We would be blessed indeed to be visited here in Scotland by three consecutive Popes. That is the hope though, after Archbishop Philip Tartaglia of Glasgow invited Pope Francis to come to the city next year to mark the 400th anniversary of the martyrdom of the Jesuit St John Ogilvie, who was executed at Glasgow Cross on March 10 1615.

Pope John Paul II made a pastoral visit to Scotland in 1982, Pope Benedict XVI made the first state Papal visit in modern times to our shores in 2010. A visit by Pope Francis here within six months of the vote on Scottish independence seems almost too much to hope for, but it would be a welcome shot in the arm for the Faith in Scotland, no matter the outcome of the constitutional ballot.

A 2015 Papal visit would also act as a timely reminder to those deciding Scotland’s future, as part of the UK or going it alone, of our struggle with religious freedom in the past—religious persecution, after all, martyred John Ogilvie—and, in spite of that, of our enduring Christian values. The Holy Father will undoubtedly decide on the invitation in his own time. We can but hope and pray that Pope Francis also sees Scotland as the ‘special daughter of the see of Rome’ (circa 1189), a flock and a Church in great need of his guidance.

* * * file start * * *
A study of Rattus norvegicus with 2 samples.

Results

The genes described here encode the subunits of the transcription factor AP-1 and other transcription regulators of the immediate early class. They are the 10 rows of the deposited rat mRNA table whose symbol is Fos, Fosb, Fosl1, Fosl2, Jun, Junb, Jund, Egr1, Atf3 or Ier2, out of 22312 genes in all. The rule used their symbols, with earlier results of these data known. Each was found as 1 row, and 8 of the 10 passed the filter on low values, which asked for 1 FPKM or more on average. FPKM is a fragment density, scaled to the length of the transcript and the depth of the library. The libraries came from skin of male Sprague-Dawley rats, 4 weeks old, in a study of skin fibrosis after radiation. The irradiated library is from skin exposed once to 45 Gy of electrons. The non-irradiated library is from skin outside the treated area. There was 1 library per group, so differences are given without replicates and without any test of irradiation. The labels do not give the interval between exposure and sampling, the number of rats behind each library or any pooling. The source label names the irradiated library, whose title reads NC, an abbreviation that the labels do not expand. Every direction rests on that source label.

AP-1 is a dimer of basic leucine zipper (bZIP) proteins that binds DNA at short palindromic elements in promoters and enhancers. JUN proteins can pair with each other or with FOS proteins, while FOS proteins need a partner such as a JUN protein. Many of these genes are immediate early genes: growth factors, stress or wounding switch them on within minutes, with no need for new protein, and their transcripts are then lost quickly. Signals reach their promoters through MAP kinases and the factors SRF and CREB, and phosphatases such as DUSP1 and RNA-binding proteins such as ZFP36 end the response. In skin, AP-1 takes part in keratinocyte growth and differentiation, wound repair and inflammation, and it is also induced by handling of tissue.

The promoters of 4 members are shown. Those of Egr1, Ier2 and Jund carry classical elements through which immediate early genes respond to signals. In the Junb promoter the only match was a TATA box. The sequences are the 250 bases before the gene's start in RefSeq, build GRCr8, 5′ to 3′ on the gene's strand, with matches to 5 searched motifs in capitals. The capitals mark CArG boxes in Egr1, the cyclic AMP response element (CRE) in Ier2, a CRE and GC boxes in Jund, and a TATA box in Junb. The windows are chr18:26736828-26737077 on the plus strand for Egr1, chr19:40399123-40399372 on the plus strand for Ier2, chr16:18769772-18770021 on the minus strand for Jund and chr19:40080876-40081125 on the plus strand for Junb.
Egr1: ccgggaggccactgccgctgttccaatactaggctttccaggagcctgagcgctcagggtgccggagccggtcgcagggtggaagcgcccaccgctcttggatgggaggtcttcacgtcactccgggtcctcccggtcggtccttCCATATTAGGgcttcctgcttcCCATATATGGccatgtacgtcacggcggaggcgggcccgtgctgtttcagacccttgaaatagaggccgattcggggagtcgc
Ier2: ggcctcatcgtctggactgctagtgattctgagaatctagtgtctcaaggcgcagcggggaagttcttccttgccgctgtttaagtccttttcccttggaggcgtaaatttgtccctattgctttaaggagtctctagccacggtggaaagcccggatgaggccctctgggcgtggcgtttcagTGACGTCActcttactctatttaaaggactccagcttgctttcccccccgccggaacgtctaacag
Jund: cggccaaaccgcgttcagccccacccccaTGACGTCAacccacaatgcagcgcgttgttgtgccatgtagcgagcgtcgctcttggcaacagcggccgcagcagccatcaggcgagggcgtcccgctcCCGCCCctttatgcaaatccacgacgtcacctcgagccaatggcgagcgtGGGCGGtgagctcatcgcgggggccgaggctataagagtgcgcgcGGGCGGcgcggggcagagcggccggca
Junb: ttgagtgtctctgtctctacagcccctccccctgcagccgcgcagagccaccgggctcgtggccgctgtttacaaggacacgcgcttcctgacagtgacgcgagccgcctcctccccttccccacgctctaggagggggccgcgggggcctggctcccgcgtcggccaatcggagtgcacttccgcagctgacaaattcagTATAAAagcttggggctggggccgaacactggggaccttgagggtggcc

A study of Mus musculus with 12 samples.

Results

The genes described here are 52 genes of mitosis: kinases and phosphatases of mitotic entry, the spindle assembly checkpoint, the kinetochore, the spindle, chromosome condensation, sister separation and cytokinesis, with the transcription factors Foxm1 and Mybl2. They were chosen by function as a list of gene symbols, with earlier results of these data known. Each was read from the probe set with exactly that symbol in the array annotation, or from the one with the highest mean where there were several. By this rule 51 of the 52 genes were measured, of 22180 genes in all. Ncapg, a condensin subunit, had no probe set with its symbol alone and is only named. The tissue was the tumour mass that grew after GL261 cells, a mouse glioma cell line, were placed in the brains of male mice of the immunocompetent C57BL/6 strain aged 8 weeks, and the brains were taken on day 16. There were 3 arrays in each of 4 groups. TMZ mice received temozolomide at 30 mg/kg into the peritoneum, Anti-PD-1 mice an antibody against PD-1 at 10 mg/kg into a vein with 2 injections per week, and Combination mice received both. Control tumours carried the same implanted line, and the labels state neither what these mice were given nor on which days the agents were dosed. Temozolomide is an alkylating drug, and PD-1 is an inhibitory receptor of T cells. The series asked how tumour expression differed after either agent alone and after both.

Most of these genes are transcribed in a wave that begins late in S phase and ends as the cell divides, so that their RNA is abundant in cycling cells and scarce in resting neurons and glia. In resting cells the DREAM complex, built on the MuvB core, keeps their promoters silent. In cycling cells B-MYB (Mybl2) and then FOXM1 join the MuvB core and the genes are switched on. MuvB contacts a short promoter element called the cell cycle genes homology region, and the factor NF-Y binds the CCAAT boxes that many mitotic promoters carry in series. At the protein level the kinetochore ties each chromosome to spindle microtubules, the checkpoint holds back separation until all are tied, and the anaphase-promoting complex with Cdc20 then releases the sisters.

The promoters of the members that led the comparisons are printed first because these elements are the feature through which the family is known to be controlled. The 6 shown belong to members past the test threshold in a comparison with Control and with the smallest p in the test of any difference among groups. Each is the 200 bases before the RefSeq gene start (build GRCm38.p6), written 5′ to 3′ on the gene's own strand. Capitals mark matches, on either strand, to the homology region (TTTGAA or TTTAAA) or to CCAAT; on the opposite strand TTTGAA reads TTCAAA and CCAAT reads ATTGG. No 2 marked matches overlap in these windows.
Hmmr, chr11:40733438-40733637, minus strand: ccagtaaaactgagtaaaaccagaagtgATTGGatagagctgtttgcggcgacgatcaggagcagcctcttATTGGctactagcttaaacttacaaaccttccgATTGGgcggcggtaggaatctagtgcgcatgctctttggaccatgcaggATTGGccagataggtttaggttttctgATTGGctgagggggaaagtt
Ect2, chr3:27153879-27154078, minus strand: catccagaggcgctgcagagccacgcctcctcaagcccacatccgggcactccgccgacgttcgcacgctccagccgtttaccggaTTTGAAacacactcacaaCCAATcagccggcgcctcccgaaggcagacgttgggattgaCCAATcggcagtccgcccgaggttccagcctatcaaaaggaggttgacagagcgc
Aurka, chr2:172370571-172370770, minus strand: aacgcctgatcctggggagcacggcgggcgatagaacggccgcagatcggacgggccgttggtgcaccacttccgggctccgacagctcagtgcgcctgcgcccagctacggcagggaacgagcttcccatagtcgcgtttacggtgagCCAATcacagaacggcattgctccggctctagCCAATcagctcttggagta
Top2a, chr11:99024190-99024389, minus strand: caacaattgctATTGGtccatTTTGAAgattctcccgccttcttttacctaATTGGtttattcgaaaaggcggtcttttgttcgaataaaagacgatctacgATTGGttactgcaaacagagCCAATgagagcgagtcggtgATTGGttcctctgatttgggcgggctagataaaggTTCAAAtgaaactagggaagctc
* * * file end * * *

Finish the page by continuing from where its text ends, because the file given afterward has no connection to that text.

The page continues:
Talk of the need for peaceful reconciliation in Scotland after the independence referendum pales in comparison, however, to world events last week. From the respectful D-Day 70th anniversary commemorations on June 6 to the Vatican peace invocation for the Holy Land last weekend, we are reminded by Pope Francis of the ‘heavy sacrifice’ of soldiers and of the fact that ‘God must now act where humans have failed to end the violence’ in the Holy Land, and indeed beyond.

War is the scourge of, and some even might say, the scourge by humanity. It is a cross our world shoulders along with hunger, disease and poverty. The Holy Father’s new prayers for peace must go beyond the ears of Israeli President Shimon Peres and Holy Land President Mahmoud Abbas and their people in the Holy Land into all our hearts and prayers.

Those who fought and sacrificed in the Second World War are a dying generation but, thanks to them, we live on committed to their hard-won peace. For those who continue to endure violence and conflict today, the thought of the peace that must, God-willing, come gives their hearts hope. Peace be with you.